Make money from every avocado part
Avocado is grown in several parts of Kenya and a big percentage of its production is done by small-scale growers. They grow it for subsistence, local markets and export.
Avocado is a much loved food because it is versatile. It can be added to meals such as ‘githeri’, sandwiches and salads and is also used in the cosmetic industry. It also has many health benefits and healthy fats.
To boost incomes and for food security, the Government has been emphasising on crop diversification and value addition in Agriculture.
The avocado which has been re-branded as the green gold due to its high demand can be value added into many products.
According to Kenya Agricultural and Livestock Research Organisation (Kalro), Kenya has over 40 varieties of avocado.
Hass is the main export variety and Fuerte is preferred for processing. Jumbo is the traditional Kenyan variety.
Other commercial varieties are Keitt, Reed, Booth 8, Simmonds, Pinkerton, Nabal, Puebla, Tonnage, Ettinger, Hayes, G6 and G7. Varieties used as root-stocks include Puebla, Fuerte, Duke, G6, and G7.
Lilian Justice an investor in the avocado business says the fruit can be used from its cover to the flesh and seed. Ms Justice does value addition for avocados and gives insights on products one can get from the fruit. She sells her products at the organic market in Nairobi on weekends.
“Every part of the avocado has an opportunity for value addition. If you can, do not throw away even rotten avocados,” she says.
Avocados are a great source of potassium. They are packed with monounsaturated fats (fat molecules with one unsaturated carbon bond), they are also high in fibre and rich in folate. Here are a few ideas shared by Ms Justice.
To make avocado smoothie, start by cutting an avocado in half and scooping the pulp out into a blender. Add a cup of milk and a little bit of sugar and honey. Blend everything together and you are done. Pour your avocado smoothie into a glass and chill it in the fridge or serve right away.
“For those who are lactose intolerant or do not prefer milk, use water and a little bit of lemon juice, this will give a nice, unique taste. You can also use orange juice, passion fruit and others to get a different taste,” explains Justice.
A litre of avocado juice costs Sh300.
The flesh undergoes pressing to produce a viscous oil that is multipurpose. Most of the fruits that feature in processing are usually rejects from the export market. They are usually fresh because the reason for the recall is blotches on the skin.
Processing of avocado oil involves four key steps: Pitting, this involves the removal of the seed after cutting open the flesh, pounding the flesh into paste to form pulp that can be used for oil extraction, heating the content for 40 to 60 minutes at temperatures of between 45 and 50 degrees celsius.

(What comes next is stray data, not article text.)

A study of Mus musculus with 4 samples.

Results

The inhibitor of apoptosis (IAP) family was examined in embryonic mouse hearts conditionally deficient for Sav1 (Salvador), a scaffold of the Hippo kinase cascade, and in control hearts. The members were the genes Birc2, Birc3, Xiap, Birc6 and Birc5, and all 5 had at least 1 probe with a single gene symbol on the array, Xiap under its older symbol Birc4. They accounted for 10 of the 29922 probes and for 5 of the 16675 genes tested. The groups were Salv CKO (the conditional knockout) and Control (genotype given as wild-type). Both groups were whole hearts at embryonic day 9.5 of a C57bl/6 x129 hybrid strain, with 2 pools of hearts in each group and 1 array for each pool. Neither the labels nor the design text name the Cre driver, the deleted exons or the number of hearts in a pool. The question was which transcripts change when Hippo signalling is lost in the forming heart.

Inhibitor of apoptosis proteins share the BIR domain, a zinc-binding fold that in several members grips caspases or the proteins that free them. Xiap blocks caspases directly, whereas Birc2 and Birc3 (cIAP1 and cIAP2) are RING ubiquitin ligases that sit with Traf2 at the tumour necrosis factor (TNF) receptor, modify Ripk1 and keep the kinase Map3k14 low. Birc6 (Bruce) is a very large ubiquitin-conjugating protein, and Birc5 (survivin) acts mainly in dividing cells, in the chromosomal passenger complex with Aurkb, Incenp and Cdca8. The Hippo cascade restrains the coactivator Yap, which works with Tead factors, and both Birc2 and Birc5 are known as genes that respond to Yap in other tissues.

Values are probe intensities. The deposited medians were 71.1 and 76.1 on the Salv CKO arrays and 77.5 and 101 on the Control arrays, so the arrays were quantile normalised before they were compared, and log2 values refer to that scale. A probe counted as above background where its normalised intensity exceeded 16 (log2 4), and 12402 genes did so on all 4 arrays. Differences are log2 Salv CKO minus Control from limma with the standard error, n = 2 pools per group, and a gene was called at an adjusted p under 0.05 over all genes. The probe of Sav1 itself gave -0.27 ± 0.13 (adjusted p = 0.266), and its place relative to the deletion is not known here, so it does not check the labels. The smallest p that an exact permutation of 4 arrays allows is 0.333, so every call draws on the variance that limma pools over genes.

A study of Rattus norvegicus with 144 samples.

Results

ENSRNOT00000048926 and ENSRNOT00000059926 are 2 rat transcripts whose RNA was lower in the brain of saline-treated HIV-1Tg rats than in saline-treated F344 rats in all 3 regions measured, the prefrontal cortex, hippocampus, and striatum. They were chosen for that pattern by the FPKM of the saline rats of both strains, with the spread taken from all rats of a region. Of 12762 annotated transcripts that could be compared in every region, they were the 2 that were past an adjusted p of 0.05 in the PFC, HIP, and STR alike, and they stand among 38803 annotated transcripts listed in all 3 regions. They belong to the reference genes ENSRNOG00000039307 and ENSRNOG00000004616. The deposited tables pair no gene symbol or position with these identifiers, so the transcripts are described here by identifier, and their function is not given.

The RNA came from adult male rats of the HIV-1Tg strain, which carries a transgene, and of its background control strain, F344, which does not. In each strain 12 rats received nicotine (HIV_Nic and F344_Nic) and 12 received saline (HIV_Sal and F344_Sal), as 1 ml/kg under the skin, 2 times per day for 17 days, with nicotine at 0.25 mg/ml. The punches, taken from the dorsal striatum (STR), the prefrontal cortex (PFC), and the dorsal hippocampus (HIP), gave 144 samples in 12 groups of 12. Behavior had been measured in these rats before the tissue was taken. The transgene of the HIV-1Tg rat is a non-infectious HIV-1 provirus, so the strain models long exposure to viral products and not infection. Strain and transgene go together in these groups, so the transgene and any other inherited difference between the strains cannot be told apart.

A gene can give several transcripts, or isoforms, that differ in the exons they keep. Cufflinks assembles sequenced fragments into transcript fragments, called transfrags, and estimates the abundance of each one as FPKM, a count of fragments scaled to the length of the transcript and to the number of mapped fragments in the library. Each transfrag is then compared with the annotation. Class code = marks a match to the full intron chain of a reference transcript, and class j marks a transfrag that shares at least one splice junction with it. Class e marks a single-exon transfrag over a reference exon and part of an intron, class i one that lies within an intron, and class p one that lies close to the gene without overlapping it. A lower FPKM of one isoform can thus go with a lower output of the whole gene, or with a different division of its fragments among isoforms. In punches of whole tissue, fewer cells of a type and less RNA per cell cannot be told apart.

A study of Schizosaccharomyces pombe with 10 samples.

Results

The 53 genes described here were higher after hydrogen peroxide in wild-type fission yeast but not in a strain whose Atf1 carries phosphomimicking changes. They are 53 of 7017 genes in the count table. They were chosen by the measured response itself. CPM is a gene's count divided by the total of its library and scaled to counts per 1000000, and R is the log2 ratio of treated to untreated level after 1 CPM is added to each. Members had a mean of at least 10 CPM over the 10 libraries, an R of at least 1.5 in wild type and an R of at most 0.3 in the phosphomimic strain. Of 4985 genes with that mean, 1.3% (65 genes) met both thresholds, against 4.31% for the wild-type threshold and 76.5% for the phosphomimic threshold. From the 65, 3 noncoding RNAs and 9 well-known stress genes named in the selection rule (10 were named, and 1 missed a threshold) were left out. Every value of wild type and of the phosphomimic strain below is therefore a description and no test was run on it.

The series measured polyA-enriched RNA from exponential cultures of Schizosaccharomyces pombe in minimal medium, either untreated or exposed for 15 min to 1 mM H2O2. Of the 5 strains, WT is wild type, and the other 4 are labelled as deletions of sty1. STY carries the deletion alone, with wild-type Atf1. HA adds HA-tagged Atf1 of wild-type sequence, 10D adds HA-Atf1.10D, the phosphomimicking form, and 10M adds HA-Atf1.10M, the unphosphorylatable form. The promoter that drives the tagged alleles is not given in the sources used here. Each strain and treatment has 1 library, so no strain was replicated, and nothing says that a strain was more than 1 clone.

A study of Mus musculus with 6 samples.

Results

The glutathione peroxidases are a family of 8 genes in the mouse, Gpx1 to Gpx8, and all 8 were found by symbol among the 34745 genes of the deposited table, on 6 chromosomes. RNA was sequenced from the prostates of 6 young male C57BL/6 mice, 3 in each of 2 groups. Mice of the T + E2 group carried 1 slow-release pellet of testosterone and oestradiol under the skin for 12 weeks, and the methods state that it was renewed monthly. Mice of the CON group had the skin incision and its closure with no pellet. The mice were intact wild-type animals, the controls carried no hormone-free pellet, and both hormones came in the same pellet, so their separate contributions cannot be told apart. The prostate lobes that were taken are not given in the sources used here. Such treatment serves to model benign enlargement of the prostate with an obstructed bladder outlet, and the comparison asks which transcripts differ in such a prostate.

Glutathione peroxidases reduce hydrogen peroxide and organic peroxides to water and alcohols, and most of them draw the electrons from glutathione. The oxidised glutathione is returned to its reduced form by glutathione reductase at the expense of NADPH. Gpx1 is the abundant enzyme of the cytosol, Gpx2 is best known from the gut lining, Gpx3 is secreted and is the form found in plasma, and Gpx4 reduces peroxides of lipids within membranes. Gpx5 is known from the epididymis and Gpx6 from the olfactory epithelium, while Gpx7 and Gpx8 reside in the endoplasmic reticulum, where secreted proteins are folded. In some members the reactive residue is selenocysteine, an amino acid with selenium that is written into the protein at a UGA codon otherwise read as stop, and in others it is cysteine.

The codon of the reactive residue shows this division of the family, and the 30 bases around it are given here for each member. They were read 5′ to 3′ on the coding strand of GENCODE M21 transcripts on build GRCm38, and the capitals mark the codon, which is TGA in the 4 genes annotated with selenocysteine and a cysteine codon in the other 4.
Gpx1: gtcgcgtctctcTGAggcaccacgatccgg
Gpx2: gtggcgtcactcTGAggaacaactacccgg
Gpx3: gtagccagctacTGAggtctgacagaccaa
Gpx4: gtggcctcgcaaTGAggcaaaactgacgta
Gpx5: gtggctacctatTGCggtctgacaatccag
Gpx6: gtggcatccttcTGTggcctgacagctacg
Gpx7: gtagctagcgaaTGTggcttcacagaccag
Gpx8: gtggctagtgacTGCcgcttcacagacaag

“There is centrifugal separation of the lighter oil from the water content in a decanter. The oil from a single hass avocado is usually 30 per cent of its total weight,” says Justice.
According to Justice, a kilo of avocados - approximately two medium-sized fruits - can yield up to 300ml of oil depending on the variety.
“Avocado oil can be used for beauty care and cooking. The oil is derived from the flesh of ripe avocados. The flesh is first dried to attain a brownish colour. It is then compressed to get oil. Compression is done by machine to squeeze out as much oil as is possible,” says Justice.
Some 250ml of avocado oil costs Sh848.
Briquettes are a substitute for charcoal. They cost and smoke less and last longer. Briquettes are made from a selection of compressed waste products.
Avocado peels are such a product. They are dried and turned to ash, then mixed with other waste, like saw dust, to make briquettes. Specialised machines are needed to make them.
A kilo of briquettes cost Sh20.
The seeds are another waste product that have utility. They can be turned into powder. Justice says this powder is used in the beauty industry to make face and skin masks. How is it done? The seeds are dried, the outer skin removed and the seeds is then cut. Cutting makes it easier to grind them into powder.
Avocado fuel flakes
To make avocado fuel flakes, Justice follows the same procedure as in the case of oil, but this time, utilises the rotten avocados.
“Here, the oily pulp is not pressed to release liquid oil. Instead, it is made into oil flakes which can be used as fuel in a furnace or in an improvised stove,” she says.
When the pulp is spread on the trays, it is exposed to the sun for three to four days, then turned over to allow the underside to dry and turn brown.
The result is an intact piece of oily pulp which is then broken down into smaller pieces or flakes, after which it is ready to be used as fuel,” she explains.
According to her, the fuel flakes have the potential to substitute firewood, charcoal and kerosene therefore having a positive impact on the environment.
A kilo of fuel flakes costs Sh50.
When burning the avocado flakes, another product, bitumen (tar), is formed. The thick black liquid forms at the bottom of the stove.
Paste is the second go-to method of adding value to fruits. The flesh can be put through a blender to produce the paste. The paste has use in flavouring food, making juices, shakes and spread.